3D printing and the future of manufacturing
Who would have thought that modern manufacturing could be done without a factory? Since the Industrial Revolution, manufacturing has been synonymous with factories, machine tools, production lines and economies of scale. So it is startling to think about manufacturing without tooling, assembly lines or supply chains. However, this is exactly what is happening as 3D printing reaches individuals, small businesses and corporate departments.
Today you can make parts, appliances and tools in a wide variety of materials right from your home or workplace. Using a computer, simply create, modify or download a digital 3D model of an object. Click “print,” just as you would for a document, and watch your physical 3D object take shape. No longer the stuff of science fiction, 3D printing is a new reality.
While this new reality is exciting, it also poses significant questions for the future of how we manufacture goods. Factories will not disappear, but the face of the manufacturing industry will change as new entrants, new products and new materials emerge, and mainstay processes like distribution may no longer be needed. Today’s consumers clamor for customized products and services and for speed of delivery. Yet customization and immediacy — right here, right now — are not economical with traditional manufacturing processes, which are optimized for large volumes of consistent output in a factory far away. 3D printing changes the calculus of manufacturing by optimizing for batches of one.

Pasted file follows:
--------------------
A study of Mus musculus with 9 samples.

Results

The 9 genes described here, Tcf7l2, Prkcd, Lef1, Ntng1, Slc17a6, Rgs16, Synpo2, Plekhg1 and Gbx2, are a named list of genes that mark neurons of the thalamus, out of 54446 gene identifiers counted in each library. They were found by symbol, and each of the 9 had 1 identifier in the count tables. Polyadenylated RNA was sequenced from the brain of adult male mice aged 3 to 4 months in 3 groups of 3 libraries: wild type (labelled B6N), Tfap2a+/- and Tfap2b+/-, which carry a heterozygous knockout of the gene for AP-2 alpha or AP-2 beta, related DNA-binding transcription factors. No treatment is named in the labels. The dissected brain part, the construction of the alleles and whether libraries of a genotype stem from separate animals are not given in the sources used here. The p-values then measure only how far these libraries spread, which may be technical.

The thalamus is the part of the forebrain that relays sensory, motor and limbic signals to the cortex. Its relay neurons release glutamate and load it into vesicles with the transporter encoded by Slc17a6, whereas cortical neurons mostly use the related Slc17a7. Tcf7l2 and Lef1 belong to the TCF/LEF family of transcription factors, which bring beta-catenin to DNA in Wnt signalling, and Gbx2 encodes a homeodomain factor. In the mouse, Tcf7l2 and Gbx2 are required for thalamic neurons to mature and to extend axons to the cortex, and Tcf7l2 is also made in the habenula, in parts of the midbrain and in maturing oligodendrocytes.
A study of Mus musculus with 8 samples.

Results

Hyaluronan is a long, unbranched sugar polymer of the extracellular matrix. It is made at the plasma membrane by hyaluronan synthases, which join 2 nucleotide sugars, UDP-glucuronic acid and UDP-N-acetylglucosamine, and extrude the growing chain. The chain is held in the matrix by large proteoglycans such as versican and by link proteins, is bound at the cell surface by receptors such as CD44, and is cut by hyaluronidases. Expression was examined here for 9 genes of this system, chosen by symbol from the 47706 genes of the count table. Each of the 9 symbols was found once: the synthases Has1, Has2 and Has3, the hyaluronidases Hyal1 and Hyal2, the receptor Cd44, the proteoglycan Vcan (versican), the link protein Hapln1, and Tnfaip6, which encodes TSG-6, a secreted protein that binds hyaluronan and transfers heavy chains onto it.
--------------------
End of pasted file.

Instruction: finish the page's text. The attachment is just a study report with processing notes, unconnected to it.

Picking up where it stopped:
3D printers are being used to economically create custom, improved and sometimes even impossible-to-manufacture products right where they will be used. A single printer can produce a vast range of products, sometimes already assembled. It’s a factory without a factory floor and it has created a platform for innovation, enabling manufacturing to flourish in uncommon areas and spawning a new generation of doit- yourself (DIY) manufacturers. The new players, with their innovative processes and technology, will disrupt manufacturing as we know it. The Economist calls 3D printing the third Industrial Revolution, following mechanization in the 19th century and assembly-line mass production in the 20th century.1
3D printing is a classic disruptive technology according to the disruption pattern identified by Harvard Business School professor Clayton Christensen.2 It is simpler, cheaper, smaller and more convenient to use than traditional manufacturing technology. Current 3D printing technology is “good enough” to serve markets that previously had no manufacturing capability at all (e.g., small businesses, hospitals, schools, DIYers). However, the technology is not expected to flourish in traditional manufacturing markets for a number of years, so it is unlikely that an entire commercial passenger airplane will be 3D–printed any time soon. Still, traditional manufacturers need to take notice; there are many examples of “good enough” technologies that eventually disrupted and dominated their industry, including transistor radios and personal computers.
3D printing changes the calculus of manufacturing by optimizing for batches of one.
All disruptive technologies start out inferior to the dominant technology of the time. When the first experimental 3D printers emerged 20 years ago, they were nowhere near the production quality of traditional manufacturing processes. However, as Christensen observed in his research, the new technologies find a market that is underserved by the current technology (which is often focused on the higher end of the market).